When was the last time you hit the ground? Did you land on your head? How did your noggin fair? How long have you had that helmet? Is your helmet up to safety standards?
These are all questions to consider when shopping for a new helmet. Thanks to various organizations, new programs have been enacted to help take care of our heads. The science behind modern headgear has improved greatly over time, and various safety standards have been adopted to demonstrate the efficacy, testing and intent of each safety standard. I’m here to simplify and explain those standards to help you mind your melon.
Figuring out which helmet is appropriate is tricky with all those letters, certifications and options, not to mention the variations of standards required for competitions outside the USA.
Reading the safety standards included in helmet descriptions got me thinking that we need an easier way to translate the information in one place. I’m all about tables and snappy alliterations to help me remember stuff, so I happily share this quick reference guide to headgear safety standards, in a nutshell.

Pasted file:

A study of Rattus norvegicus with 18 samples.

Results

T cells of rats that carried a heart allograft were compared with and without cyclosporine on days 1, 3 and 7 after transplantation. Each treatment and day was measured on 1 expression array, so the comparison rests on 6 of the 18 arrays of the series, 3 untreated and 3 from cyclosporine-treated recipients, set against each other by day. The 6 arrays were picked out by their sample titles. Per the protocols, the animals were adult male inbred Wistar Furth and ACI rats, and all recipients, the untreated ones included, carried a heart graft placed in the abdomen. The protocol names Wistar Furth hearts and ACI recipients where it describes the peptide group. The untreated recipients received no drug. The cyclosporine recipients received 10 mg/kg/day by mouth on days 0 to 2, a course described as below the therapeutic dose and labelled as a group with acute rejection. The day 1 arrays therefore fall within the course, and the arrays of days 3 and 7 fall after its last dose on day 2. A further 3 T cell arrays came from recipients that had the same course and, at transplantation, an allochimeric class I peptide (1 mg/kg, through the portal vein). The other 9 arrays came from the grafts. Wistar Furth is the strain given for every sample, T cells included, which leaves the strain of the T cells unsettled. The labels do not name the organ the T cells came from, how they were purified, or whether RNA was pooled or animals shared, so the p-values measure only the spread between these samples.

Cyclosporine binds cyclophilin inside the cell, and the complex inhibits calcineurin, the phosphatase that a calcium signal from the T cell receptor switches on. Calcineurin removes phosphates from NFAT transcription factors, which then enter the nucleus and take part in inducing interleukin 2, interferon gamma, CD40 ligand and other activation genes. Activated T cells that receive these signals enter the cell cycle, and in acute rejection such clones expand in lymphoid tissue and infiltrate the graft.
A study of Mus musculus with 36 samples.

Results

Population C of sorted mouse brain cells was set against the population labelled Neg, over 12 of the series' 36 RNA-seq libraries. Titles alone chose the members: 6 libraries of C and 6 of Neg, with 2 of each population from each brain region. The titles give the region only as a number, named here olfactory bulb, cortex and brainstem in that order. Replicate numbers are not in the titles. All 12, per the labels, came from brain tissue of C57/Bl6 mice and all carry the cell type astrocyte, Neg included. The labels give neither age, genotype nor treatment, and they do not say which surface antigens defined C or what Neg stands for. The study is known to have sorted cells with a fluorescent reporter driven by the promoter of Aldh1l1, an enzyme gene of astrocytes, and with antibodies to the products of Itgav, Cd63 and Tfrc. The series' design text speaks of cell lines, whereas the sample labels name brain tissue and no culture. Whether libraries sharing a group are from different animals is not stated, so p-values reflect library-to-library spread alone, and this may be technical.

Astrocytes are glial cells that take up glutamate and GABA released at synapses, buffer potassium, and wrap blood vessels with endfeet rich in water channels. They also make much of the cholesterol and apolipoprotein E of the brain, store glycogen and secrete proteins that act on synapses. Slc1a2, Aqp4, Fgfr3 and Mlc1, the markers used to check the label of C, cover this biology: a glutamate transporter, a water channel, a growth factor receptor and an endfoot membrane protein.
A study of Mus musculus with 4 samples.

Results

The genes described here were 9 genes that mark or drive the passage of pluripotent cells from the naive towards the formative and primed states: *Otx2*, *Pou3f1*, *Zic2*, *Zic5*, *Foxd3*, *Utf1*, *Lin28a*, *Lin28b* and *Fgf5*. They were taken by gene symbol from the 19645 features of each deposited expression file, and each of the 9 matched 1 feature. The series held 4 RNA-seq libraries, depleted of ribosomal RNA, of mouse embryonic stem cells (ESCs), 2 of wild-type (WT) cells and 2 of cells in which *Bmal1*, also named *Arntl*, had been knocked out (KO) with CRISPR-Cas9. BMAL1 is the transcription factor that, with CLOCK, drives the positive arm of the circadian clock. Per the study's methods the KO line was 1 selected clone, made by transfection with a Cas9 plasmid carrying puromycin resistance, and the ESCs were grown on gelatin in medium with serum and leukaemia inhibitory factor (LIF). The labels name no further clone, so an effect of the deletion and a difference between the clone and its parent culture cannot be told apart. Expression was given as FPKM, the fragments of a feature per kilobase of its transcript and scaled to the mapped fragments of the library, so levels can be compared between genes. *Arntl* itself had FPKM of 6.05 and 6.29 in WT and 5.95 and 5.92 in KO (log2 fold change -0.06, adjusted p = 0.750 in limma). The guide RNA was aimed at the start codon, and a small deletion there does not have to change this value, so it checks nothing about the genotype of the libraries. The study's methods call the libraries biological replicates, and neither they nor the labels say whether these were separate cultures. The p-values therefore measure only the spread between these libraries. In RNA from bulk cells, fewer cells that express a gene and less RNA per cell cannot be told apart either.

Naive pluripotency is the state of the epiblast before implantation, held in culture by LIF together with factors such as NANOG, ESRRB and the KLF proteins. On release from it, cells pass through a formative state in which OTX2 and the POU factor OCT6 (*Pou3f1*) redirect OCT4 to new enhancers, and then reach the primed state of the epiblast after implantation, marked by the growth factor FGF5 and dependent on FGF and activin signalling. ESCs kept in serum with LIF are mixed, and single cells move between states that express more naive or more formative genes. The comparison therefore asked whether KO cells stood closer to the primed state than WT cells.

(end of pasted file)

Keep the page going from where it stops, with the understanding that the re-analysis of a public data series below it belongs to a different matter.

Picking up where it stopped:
Of course, our friends at Charles Owen , GPA, IRH, Troxel, Ovation, various tack shops and online retailers are on deck to provide additional information and tips on proper fitting. Here’s some information to get you started.
Safety standards have been developed to indicate the levels and details of the testing and results and are an important factor when choosing a helmet. Although the most expensive helmet isn’t necessarily the safest, the cost of testing and credentials is reflected in the price.
Of course, it’s always a good idea to consult a trained professional to ensure proper fit. A helmet that doesn’t fit your head properly doesn’t protect your head as well as it could.
One quick tip to remember is that US helmets are rated using a pass/fail system. Those that “pass” are awarded the ASTM F1163 minimum rating. The test to award the minimum rating is conducted by the SEI.
Studies have shown that helmet technology today, even at minimum safety standards, offers a considerable amount of protection for your noggin. So if all else fails, chose the ASTM/SEI approved model that fits both your head and your budget.